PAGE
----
By Tony Attwood, currently 35 miles from North Korea. (A first for Untold!)
You may recall that over the years Untold has regularly reported on issues relating to the transfer of youngsters between clubs and the issues surrounding child exploitation. We also did a lot to cover the technicalities and legalities of the FFP regulations before they became irrelevant through a breakdown in the whole system and a sudden unwillingness of Uefa to tackle the major rule-breakers.
The articles don’t get much in the way of readership – some would argue that is due to my turgid writing style, others might say because there isn’t much of interest there, and of course many have argued that I get all my facts wrong.
And maybe I am barking up the wrong palm tree but given that most blogs and newspapers are not following the story at all, I am back with it once again.
But to reiterate: it was Untold that persisted with the view that Manchester City had broken FFP rules and that the FFP rules were not in breach of European Union regulations on restraint of trade. And although part of the argument was easy because the EU clearly had ruled that the FFP rules were acceptable due to the singular nature of competition within sport, the other part – how Fifa would interpret the situation, was something we got right. Guillem Balagué ploughed the same furrow as we did which of course gave me the confidence to keep going when under unremitting onslaughts.
But now we have the latest round following interviews and articles in Jyllands-Posten in Denmark, by two former players at Manchester City, George Davies and Dominic Oduro.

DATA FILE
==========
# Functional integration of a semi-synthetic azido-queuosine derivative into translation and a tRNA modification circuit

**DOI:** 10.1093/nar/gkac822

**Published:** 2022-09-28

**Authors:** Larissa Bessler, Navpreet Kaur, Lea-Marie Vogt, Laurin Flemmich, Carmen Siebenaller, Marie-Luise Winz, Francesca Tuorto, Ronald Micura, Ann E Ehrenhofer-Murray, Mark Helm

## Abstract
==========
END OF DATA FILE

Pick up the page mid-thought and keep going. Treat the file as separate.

They both allege that they played for the club while under the age of 18, which would be a clear breach of Fifa rules on child trafficking. And indeed these are obviously further allegations against a club that is already using a fair amount of its massive world wide legal resources to fight Fifa and the Court of Arbitration in Sport.
As I have oft mentioned, Real Madrid, Barcelona, and Atlético Madrid have all been given transfer bans, but Fifa have now proposed that any future bans should be much bigger since the clubs were so easily able to get around those imposed thus far.
Chelsea are also reported to be under investigation, and the Premier League handed down modest penalties to Liverpool and Manchester City over their academy activities. Of course if there are any more bans there will be more appeals to the CAS. CAS has so far held up all the appeals but the long delays in CAS hearings that we are now seeing allow the clubs to spend, spend, spend and so overcome the transfer bans. Hence Fifa is looking at a way of imposing bans that work and are a deterrent.
The question also arises whether the tapping up case of Manchester City vis a vis two schoolboys is one that can be taken into account when considering other cases. When an individual is hauled before a court, and found guilty, all his/her crimes at all levels heard in all courts are taken into account when sentence is passed. Bringing that into football would certainly change the way punishments are handed down.
We also know that Manchester City re-signed one of the boys they were found guilty of trafficking, which again brings the current process into disrepute.
Meanwhile Chelsea are being investigated over the arrangements of their dealings with Bertrand Traoré and Domingos Quina. We await developments on what are now numerous fronts. Maybe Fifa and CAS are about to get their acts together properly. That would be a first, but in this business is seems that if they don’t, the clubs do just walk all over Fifa, and do whatever they like, whenever they like.
- Now that us spectators are the product, we actually do have some power.